Should We Use Recycled Glasses to Help the Developing World?

Well-meaning individuals in the United States have long recognized that there is disparity in the availability of eye care in the world. They realized that what is such a routine part of life here, a regular eye exam, is a luxury that is unavailable to the majority of the population in the developing world.

Many people ask us what they can do to help provide #eyecareforall. One good way is to help us support the Pacific Eye Institute and other worthwhile organizations. We always donate a portion of our proceeds to noteworthy public health causes, and this week, being the week of World Sight Day, we will be making a donation based on all sales to the Pacific Eye Institute.

Recycled Glasses

We are often asked about recycled glasses. We thought the week of World Sight Day would be a good time to discuss what we believe about the role of used eyeglasses in public health.

For those that don’t know, a common way many groups  try to combat avoidable blindness in the developing world is by collecting and distributing glasses that are no longer being used. This is a practice that is often misunderstood by those donating their glasses, and is one that we discourage.


When used eyeglasses are collected they are simply sorted into usable and unusable. The usable ones are cleaned, the prescription is measured and then they are given to an individual with the closest prescriptive match in a developing country.

This is a very thoughtful gesture, however it is not without significant issues.

You & Eye does not condone the use of recycled glasses either domestically or in the developing world. We therefore, do not participate in the collection of used eyeglasses.

Our rationale for this position follows, but it is important to note that it was not reached lightly. We have spent considerable time and energy researching this topic and believe that recycled eyeglasses have no place in protecting the public’s health.


  • The International Agency for the Prevention of Blindness, the World Health Organization (through their Refractive Error Working Group), and all major organizations working toward the elimination of avoidable blindness oppose the use of recycled spectacles/eyeglasses.
  • Recycled eyeglasses hinder the development of local infrastructure that allows for the permanent availability of glasses (allowing for replacement and repair).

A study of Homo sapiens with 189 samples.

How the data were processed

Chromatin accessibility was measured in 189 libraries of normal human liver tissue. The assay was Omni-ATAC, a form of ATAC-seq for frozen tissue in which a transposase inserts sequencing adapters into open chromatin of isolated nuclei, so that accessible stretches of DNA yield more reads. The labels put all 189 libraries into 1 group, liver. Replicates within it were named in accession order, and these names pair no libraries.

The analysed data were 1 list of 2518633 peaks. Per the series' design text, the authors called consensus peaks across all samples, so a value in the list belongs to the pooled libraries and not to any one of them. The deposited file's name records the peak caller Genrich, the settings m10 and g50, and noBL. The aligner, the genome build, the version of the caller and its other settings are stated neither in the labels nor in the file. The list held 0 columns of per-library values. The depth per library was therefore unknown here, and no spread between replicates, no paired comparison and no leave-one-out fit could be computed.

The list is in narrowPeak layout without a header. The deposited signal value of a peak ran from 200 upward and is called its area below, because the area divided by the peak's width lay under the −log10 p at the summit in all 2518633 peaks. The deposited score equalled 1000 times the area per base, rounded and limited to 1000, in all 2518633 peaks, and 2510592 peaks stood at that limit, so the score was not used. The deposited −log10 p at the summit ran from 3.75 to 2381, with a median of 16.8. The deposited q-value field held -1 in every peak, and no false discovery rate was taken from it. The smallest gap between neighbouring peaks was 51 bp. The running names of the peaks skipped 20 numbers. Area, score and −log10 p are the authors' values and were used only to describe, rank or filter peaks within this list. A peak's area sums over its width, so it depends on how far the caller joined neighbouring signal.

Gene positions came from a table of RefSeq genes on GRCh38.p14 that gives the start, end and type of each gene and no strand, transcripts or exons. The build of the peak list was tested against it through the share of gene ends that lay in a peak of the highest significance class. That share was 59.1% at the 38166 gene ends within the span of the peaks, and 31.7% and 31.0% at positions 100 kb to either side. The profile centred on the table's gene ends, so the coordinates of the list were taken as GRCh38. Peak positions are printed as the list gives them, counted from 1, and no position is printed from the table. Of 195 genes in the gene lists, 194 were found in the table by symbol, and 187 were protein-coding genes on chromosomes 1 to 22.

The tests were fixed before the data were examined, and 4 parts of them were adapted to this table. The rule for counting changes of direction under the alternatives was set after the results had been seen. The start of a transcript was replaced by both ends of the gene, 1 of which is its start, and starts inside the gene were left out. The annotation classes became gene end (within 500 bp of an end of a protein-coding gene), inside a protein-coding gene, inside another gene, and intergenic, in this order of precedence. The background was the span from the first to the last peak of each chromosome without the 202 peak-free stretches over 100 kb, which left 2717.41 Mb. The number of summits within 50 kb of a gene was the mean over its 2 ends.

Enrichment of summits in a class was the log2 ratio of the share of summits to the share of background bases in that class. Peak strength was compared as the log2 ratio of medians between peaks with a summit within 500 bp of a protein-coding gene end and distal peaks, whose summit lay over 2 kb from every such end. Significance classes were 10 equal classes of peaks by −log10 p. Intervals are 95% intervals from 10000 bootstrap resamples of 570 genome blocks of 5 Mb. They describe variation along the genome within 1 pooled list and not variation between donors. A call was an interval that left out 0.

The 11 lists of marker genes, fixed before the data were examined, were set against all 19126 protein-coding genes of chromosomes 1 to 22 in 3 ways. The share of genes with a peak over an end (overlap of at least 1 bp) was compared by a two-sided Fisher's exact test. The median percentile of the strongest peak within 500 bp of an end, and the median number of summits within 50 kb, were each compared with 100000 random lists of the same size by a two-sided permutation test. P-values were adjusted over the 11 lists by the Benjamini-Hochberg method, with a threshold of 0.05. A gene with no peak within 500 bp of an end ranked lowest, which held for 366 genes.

• All human beings should be treated with dignity and respect; this includes giving people the opportunity to select high-quality, fashionable eye wear, rather than used, out-of-date glasses.
  • Recycled glasses are limited in their ability to find a prescriptive match for distance and near in both eyes at the same time.
  • There is no evidence that recycled eyeglasses accomplish the triad of successful spectacle dispensing:
    • Improvement in vision
    • Acceptability
    • Long-term continued use

What should be done instead?

We agree with Vision 2020 and World Sight Day and support and work toward (through donating funds, conducting and publishing research, and partnering with appropriate public and private organizations active in the developing world):

  • The treatment of local, priority eye diseases (including the need for glasses)
  • Local human resource development
  • Local infrastructure development including the development of spectacle fabrication labs, and spectacle distribution networks. While these are being developed we call for the use of Ready Made Spectacles which are low-cost, new glasses that have a strong evidence-base behind their use and acceptability.

Join us in supporting #eyecareforall by supporting the Pacific Eye Institute this week. We will be donating a portion of all sales this week to this amazing eye care education and service provision institution. Come in and talk to Dr. Matthew Pearce about this topic, it is one of his favorites!